Don’t Be a Fun Sponge: The Manager’s Role in Workplace Hierarchy

Did you know in some countries like Japan and South Korea, employees aren’t socially “allowed” to leave the office until the manager does?

The idea of a workplace hierarchy may not garner very positive response nowadays, especially from forward-thinking professionals and younger members of the workforce. To them, the notion of “hierarchy” corresponds to poor management and a culture of toxic masculinity – anything that creates a negative experience in the workplace. However,  traditional hierarchies shaped from either cultural or historical principles used to dominate the workforce everywhere, and are still prevalent in many Eastern countries. So what has changed? And what do you think should stay?

The Fate is on the Higher-ups

Hierarchy is defined as a system in which people are ranked one above the other according to their status or authority. With that being said, the fine line between a noxious workplace and a healthy one really just depends on how these “higher-ups” utilize their privileged status.

The Pros

  • A hierarchical organizational chart is like the skeleton of a firm – it can help employees make sense of where their position lies and what their responsibilities are.
  • Hierarchy enhances the decision-making process. For example, say you have a new marketing campaign in mind, you can easily seek advice or find out if it is a go or no-go from your department manager right away.
  • Good leaders also provide a big picture and sense of direction to their team members, so they know what exactly they need to do to achieve the goal.
  • It can provide a roadmap of how growth within the company can look like.

The Cons

  • As the common notion states, “people leave their bosses, not their companies.” Toxic leaders who micromanage or abuse their authorities can upset employees, lower efficiency and cause high turnover.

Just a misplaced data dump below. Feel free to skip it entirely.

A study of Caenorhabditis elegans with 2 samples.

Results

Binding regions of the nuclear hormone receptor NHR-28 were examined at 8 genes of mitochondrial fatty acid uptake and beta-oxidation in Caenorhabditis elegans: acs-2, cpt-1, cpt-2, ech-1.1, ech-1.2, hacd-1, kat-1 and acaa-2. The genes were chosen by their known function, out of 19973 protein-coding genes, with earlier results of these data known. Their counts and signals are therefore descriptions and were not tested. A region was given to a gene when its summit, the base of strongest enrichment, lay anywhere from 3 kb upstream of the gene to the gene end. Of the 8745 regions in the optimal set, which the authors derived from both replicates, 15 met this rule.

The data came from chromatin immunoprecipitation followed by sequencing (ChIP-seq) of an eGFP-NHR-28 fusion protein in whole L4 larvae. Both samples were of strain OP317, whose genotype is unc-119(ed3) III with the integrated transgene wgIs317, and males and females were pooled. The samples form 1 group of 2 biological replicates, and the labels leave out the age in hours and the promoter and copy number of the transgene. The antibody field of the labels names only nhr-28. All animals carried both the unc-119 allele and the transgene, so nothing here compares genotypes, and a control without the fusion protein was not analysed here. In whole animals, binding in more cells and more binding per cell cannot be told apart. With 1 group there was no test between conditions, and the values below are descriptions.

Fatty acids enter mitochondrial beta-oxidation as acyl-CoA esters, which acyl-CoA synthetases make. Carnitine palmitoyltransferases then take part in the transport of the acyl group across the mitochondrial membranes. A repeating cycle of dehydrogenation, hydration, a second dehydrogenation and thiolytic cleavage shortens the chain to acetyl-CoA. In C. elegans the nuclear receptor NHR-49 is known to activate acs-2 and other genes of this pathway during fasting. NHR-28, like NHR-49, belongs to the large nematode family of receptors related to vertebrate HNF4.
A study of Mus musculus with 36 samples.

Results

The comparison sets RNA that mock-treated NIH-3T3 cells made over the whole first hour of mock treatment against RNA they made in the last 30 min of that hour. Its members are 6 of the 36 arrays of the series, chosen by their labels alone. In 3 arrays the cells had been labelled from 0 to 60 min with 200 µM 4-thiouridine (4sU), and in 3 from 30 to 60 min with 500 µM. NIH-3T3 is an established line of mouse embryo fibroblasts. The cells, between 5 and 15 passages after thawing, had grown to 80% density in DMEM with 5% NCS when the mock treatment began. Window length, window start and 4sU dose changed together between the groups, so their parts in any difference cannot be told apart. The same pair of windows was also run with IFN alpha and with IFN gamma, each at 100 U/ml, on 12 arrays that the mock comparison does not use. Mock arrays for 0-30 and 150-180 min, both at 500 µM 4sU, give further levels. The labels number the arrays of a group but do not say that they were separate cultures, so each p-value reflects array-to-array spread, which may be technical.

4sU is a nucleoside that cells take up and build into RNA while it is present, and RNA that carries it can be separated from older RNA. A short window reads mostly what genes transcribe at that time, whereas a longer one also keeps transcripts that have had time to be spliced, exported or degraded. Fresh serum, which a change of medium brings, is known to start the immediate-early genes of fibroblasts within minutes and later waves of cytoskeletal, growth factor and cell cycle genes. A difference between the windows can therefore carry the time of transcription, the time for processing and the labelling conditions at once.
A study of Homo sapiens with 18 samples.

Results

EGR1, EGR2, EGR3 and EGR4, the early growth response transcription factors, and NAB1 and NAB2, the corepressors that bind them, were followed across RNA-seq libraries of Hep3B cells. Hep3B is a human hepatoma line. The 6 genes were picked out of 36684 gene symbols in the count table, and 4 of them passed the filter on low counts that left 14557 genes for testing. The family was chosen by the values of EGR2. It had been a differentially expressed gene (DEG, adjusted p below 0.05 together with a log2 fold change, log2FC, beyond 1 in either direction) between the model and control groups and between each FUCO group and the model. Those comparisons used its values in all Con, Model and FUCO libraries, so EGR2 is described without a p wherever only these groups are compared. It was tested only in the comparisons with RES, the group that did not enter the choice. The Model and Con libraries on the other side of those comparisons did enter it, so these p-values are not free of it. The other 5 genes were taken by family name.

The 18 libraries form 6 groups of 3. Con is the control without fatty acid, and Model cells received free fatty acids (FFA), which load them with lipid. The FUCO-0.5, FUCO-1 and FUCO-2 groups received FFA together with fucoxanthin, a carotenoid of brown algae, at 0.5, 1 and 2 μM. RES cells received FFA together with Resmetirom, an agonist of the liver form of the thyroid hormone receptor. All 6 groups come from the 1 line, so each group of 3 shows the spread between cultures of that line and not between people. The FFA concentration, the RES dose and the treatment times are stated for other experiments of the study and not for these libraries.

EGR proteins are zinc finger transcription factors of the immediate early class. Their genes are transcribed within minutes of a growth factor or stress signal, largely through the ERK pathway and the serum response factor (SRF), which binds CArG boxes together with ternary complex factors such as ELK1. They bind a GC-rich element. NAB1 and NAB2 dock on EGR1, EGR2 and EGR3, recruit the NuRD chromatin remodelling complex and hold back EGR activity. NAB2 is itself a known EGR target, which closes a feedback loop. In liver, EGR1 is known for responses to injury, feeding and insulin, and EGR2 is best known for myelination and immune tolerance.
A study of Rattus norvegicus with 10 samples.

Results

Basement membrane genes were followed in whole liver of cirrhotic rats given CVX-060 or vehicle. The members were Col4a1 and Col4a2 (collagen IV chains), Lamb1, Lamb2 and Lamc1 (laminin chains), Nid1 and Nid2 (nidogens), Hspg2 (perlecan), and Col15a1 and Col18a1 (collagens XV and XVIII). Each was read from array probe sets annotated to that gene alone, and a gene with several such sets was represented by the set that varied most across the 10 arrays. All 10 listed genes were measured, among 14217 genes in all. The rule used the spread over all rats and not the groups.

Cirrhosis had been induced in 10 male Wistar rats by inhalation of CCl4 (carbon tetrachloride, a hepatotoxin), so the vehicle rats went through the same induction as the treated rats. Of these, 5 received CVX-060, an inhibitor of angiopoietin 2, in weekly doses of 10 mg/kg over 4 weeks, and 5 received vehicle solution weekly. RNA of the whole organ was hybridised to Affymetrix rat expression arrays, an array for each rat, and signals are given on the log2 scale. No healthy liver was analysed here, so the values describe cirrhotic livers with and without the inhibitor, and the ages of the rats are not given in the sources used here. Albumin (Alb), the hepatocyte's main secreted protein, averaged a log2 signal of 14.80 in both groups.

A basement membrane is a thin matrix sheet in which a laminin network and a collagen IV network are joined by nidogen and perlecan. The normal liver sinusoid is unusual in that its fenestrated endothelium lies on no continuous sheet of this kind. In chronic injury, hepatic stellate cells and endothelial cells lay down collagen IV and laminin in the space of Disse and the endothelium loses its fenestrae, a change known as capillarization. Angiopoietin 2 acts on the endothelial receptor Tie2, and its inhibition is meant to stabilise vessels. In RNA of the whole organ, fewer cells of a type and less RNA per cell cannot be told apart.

• Opportunities can be lost in rigid hierarchies when employees are repressed from expressing their concerns and ideas. The lack of power over situations can disrupt employee experiences as they feel undervalued and unimportant.

Moderation is Key

In a diverse team, you will encounter natural leaders and followers no matter how linear or hierarchical your organization is. Discovering these traits through methods like science-based testing may aid you in assigning the right people in each team, and ultimately finding a “middle ground” between the two extremes. For instance, you don’t want a team containing only followers with no commanders; vice versa, a team of multiple leaders may lead to internal disputes and clashes.



An ideal hierarchical structure should lie somewhere in the middle of a sliding scale that has “flat” on one end and “tall” on the other. Well-balanced organizations value the esteemed qualities of leaders, but disfavour actions that may leave employees discouraged and disempowered. After all, at the end of the day, it is entirely up to you as the manager or the boss to choose how it gets implemented.